Tykerb: A New Treatment for Breast Cancer
by Martha Li
published October 07, 2009
rating: (95 Ratings)
In May 2009, Health Canada approved the use of TykerbTM, a new type of therapy for breast cancer. Here is some basic information about this revolutionary drug that is providing breast cancer patients with another option in their fight against the disease.
What is TykerbTM?
TykerbTM (lapatinib ditosylate) is a small molecule that is administered orally in tablet form, and taken in combination with Xeloda® (capecitabine), an oral chemotherapy.
Who is it for?
TykerbTM is available by prescription only. It is prescribed to women with HER2-positive metastatic breast cancer, and who have already received treatment with other breast cancer therapies including an anthracycline, a taxane, and Herceptin® (trastuzumab).
How does it work?
TykerbTM is a molecular inhibitor of a type of enzyme called HER2. The TykerbTM molecule targets HER2-positive cancer cells, enters them, and prevents the cells from responding to growth signals. Since the cancer cells are unable to receive growth signals, they cease to divide, thus halting progression of the disease.
What are the advantages of TykerbTM?
While TykerbTM functions similarly to Herceptin®, the biggest difference is that TykerbTM works from inside the HER2-positive cells. TykerbTM can therefore directly target the gene that produces HER2, whereas Herceptin® is only able to target the receptor that activates the HER2 gene at the cell’s surface. Some studies also suggest that TykerbTM can potentially cross the blood-brain barrier to attack metastatic brain tumors. Another major practical advantage is that unlike Herceptin®, which must be administered intravenously, TykerbTM is taken orally in pill form, making it a much less invasive form of treatment.
What are the clinical trial results of TykerbTM?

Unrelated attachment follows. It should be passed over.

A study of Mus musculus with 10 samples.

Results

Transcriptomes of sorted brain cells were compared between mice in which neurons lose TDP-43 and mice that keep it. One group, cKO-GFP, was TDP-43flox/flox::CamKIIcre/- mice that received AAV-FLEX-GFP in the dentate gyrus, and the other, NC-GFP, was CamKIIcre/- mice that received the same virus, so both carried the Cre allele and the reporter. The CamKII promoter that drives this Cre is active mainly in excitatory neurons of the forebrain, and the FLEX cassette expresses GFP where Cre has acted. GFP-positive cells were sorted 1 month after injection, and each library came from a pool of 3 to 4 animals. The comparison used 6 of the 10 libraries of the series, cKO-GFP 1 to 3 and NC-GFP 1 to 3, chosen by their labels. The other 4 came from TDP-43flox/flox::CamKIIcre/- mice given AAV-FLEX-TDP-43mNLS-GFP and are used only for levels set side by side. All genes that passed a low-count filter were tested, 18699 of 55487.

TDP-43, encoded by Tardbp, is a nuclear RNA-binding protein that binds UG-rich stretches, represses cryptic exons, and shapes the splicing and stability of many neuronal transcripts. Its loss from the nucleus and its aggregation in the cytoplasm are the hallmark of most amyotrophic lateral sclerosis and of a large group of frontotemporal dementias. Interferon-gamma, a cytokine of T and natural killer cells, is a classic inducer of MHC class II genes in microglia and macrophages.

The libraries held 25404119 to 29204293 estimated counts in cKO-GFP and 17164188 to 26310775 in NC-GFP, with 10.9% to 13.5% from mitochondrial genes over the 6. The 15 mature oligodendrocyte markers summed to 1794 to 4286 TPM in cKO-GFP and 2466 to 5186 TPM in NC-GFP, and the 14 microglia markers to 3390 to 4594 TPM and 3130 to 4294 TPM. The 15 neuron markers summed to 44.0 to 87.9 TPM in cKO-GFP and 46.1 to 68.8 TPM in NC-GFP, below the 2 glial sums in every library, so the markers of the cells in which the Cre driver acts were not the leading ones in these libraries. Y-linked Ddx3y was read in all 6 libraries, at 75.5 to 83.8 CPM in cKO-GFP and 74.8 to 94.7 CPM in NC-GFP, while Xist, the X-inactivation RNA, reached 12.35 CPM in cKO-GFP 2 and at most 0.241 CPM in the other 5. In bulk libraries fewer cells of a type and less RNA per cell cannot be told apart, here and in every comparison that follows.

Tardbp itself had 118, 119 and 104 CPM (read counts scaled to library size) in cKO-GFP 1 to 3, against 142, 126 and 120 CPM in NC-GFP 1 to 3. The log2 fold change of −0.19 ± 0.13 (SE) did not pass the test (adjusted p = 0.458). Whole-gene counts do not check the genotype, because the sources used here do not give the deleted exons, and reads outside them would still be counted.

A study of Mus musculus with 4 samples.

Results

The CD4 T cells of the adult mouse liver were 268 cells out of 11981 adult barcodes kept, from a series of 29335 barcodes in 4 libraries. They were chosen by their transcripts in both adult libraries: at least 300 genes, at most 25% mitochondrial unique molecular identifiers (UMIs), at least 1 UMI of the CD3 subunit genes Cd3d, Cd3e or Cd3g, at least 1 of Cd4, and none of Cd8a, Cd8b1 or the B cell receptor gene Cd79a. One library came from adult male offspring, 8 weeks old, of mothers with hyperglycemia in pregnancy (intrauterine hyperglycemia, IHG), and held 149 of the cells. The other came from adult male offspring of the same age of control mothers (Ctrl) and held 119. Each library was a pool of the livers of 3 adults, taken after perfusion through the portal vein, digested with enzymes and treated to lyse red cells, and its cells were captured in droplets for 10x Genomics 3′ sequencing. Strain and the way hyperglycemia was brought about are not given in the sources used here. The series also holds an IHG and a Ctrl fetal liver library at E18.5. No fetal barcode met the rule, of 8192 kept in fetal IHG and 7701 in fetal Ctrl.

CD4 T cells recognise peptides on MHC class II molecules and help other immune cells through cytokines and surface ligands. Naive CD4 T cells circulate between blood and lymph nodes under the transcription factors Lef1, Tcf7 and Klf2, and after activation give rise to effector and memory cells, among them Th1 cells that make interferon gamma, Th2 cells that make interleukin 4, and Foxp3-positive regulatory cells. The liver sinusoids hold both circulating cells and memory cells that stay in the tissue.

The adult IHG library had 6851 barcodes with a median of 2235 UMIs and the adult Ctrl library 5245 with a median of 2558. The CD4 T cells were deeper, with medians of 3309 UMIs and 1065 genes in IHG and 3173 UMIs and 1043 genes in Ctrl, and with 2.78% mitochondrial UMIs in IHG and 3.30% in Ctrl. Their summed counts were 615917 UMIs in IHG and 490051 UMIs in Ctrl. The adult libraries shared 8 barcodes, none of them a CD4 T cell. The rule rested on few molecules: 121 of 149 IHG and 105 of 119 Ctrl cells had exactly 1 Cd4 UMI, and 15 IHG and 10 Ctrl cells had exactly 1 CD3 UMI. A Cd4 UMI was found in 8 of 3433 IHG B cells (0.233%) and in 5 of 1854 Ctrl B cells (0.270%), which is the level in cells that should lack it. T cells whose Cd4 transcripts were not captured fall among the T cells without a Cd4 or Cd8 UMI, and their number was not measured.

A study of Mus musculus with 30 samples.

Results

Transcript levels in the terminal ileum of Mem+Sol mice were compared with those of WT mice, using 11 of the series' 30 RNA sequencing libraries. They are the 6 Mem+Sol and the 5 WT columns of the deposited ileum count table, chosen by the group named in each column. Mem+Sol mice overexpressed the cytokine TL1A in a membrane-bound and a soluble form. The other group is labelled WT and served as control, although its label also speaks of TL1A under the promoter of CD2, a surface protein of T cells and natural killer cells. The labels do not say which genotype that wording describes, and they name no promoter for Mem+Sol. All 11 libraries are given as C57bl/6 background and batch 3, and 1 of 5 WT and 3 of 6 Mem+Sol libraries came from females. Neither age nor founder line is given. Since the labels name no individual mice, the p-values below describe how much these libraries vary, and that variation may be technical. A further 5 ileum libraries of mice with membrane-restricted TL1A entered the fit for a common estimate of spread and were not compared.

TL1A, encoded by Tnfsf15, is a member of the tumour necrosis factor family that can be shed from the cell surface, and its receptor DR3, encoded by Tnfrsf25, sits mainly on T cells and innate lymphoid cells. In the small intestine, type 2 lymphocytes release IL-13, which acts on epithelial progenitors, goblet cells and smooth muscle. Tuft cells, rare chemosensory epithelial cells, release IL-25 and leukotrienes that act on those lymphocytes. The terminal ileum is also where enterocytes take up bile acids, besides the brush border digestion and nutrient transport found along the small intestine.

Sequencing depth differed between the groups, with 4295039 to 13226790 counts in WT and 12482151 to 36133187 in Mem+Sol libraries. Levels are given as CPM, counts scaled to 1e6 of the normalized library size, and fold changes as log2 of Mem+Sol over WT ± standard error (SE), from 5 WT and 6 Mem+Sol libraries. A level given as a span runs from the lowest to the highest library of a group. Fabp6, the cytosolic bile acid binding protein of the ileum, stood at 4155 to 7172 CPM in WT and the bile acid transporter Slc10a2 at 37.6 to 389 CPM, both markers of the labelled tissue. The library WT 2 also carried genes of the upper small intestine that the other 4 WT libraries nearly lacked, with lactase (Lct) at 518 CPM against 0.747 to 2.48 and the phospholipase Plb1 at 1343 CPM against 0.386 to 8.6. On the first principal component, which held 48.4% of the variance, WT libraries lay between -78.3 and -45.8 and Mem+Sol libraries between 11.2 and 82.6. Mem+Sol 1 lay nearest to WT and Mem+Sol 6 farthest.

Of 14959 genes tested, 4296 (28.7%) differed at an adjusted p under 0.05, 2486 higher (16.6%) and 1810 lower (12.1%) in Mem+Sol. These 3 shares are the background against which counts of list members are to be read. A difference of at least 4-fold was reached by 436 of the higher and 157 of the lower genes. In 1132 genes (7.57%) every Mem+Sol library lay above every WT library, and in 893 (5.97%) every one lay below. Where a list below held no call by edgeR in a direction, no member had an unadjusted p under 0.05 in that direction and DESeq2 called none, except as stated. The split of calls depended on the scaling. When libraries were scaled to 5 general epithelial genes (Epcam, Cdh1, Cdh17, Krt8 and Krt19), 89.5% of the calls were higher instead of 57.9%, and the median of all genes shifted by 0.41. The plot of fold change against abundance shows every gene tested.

Health Canada approved use of the drug based primarily on a study that involved women with locally advanced or metastatic HER2-positive breast cancer whose disease had progressed after being treated with anthracyclines, taxanes and Herceptin®. The study observed the effect of treating women with TykerbTM and Xeloda® compared with the effect of Xeloda® alone. The results showed that use of TykerbTM and Xeloda® together slowed the growth of HER2-positive advanced breast cancer or metastatic breast cancer significantly more than treatment with Xeloda® alone.
What are the side effects?
The most common side effects reported by patients taking TykerbTM and Xeloda® are diarrhea, vomiting, nausea, fatigue, red, painful hands and feet, and rash.
Are there any other risks associated with taking TykerbTM?
Some women may develop liver damage while taking TykerbTM. A test should therefore be administered to check the liver before and during treatment. There have also been reports of possible heart problems related to taking TykerbTM. It is essential that anyone considering taking TykerbTM speak to their doctor about all potential side effects.
NOTE: The information provided in this article does not cover all possible uses, interactions, or adverse effects for this drug. Consult your doctor for more information.
▪ Notice of Decision for Tykerb (Health Canada, 2009).
▪ GlaxoSmithKline Inc. (May 26, 2009). “New therapy option for advanced HER2 breast cancer approved in Canada”. Press release. Retrieved 2009-09-21.